The ruler of Dubai transformed the bloodstock industry in Britain and has been generous to the country through difficult times
Most of us have learnt a lot about ourselves and a good deal about others this year. If we didn’t realise it before, we now know that there are two ways of reacting to a crisis.
The first is to feel one’s own pain, which is perfectly natural. We’ve been programmed by nature to survive. And that is why our first instinct should be to protect ‘the home’.
The second, however, is to try and help others. Not just our family and friends, but people we’re never even going to meet. And gratifyingly it turns out that the world is a nicer place than I would have predicted.
This year has often been about realising who our friends really are, not only as individuals but as a country. And no star on that front has shone brighter than that of Sheikh Mohammed Bin Rashid Al Maktoum.
The Sheikh has recently been involved in an acrimonious custody battle with one of his wives which was heard in the London courts and involved allegations that he had caused two of his daughters to be abducted. The judge invited the Sheikh to “review his position in order to address the concerns identified”.
Last May, however, our country was in dire straits and we saw a
different side. We had all but run out of Personal Protective Equipment (PPE) for the National Health Service. So Sheikh Mohammed sent three planes carrying a personal gift of 60 tons of PPE to the NHS.
In the same month the Sheikh sent food and PPE to the amazing Felix Project in London, which continues to provide millions of healthy food packages to the destitute in the capital.
The Big Issue also received a donation of care products for their vendors who were struggling, as did the charity Family Action.
What is outstanding about the Sheikh’s support of our country is that there is nothing calculated about his generosity. Some might expect him to support 500 school children in three schools around Newmarket, because the failing schools are where his horses are based.
But since King Charles and Nell Gwynn made the town their bolthole, no other racehorse owner has stepped in with such an act of philanthropy. We shouldn’t take it for granted.
As for the Methodist chapel in Godolphin Cross, that he saved for the Cornish villagers near Helston: there was nothing parochial about that act of kindness. In desperation the villagers wrote to the Sheikh when the church was selling off the only public space in their community. And he bought it for them.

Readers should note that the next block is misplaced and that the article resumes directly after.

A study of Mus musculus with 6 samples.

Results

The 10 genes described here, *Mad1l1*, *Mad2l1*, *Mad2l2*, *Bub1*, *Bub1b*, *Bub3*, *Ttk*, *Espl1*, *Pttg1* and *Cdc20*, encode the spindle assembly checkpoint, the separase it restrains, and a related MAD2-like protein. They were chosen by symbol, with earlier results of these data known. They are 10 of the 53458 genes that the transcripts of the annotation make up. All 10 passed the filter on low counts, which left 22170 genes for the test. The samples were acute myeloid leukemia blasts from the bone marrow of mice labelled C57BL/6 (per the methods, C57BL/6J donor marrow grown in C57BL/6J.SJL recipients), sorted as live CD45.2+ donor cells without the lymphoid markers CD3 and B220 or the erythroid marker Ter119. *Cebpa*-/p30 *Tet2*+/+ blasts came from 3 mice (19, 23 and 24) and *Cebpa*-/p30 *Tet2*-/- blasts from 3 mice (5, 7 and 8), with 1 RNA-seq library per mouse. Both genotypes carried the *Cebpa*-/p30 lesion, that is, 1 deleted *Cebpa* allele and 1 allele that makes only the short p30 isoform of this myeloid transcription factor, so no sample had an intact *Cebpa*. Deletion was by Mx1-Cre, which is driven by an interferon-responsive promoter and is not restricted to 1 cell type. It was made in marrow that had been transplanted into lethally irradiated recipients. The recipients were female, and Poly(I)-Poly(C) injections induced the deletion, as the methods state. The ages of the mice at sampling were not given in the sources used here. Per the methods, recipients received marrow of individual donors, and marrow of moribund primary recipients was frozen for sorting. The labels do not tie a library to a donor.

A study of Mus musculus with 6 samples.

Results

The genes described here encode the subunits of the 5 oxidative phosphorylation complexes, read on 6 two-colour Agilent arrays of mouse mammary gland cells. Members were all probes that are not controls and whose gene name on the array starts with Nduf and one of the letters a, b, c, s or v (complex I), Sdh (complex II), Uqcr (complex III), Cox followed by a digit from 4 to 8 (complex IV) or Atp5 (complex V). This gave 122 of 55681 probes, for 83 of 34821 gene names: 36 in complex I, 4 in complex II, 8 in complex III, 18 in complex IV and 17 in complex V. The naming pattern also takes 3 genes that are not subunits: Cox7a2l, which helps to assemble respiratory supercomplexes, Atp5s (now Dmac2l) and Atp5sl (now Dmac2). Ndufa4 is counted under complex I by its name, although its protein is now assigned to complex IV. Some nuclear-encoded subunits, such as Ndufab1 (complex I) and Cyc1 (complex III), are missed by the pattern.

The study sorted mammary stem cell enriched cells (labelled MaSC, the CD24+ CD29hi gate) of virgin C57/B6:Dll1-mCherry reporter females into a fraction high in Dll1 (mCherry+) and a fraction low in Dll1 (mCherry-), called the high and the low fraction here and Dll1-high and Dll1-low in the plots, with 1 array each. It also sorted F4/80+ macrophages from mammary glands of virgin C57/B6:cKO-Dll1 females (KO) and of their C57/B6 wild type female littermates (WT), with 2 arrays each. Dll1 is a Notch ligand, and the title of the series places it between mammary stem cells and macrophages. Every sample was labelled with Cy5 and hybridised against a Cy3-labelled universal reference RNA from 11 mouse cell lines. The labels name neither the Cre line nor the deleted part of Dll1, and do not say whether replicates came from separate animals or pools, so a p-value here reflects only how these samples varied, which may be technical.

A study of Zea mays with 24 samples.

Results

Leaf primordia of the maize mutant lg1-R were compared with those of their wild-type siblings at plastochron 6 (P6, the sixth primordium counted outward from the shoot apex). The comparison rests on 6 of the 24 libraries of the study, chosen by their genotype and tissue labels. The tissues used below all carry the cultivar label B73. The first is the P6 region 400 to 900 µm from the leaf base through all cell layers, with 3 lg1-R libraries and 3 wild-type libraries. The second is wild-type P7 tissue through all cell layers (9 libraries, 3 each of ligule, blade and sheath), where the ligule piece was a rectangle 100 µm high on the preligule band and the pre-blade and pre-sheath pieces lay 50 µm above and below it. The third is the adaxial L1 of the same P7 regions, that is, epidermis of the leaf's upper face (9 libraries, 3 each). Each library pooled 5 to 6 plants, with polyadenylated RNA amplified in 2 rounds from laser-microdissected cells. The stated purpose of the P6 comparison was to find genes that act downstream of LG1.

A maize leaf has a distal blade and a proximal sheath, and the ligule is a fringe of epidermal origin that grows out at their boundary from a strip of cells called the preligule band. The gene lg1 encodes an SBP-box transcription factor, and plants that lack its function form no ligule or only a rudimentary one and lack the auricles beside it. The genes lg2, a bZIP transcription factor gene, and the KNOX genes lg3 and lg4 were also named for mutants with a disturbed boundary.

These examples merely scratch the surface of this man’s generosity. And having spent weeks trying to research this, I can assure you that he does not wear it on his sleeve. Quite the opposite, actually.
What has been strategic in the Sheikh’s life, however, is his support for horse racing in this country.
Phillip Freedman, whose Cliveden Stud bred Derby winner Reference Point, reminded me this week of the historical contribution Sheikh Mohammed has made.
“He [and his brothers] reversed a decline in the quality of British breeding and racing which had begun before the war. In the 1970’s he joined Robert Sangster and John Magnier buying stock in America to race in Europe.
“The imports reversed the decline in British and European breeding and racing; which is why our racing is now regarded as the best in the world. Until then the best potential stallions were getting exported to the USA and Japan.”
Sheikh Mohammed had the financial clout to adapt Sangster and Magnier’s strategy, expand it enormously and subsequently transform the bloodstock industry in this country.
It’s extraordinary that decades later, this man is still responsible for stabilising the British and Irish bloodstock markets. If Sheikh Mohammed had turned his back on the yearling sales in Newmarket this year, there would have been financial carnage.
Thousands of jobs could have been swept away. Hundreds of businesses gone to the wall. But even though he couldn’t be there in person, he stepped in having not played a shot at the French yearling sales.
To give an idea of the scale of his intervention, it has been estimated that at least 45 per cent of all the horses in training in Newmarket are funded from Dubai.
So as we stagger towards the exit of 2020, leaving Europe after years of acrimony without so much as a handshake, perhaps we should be more appreciative of our friends in the Middle East who have stood by us in these hard times?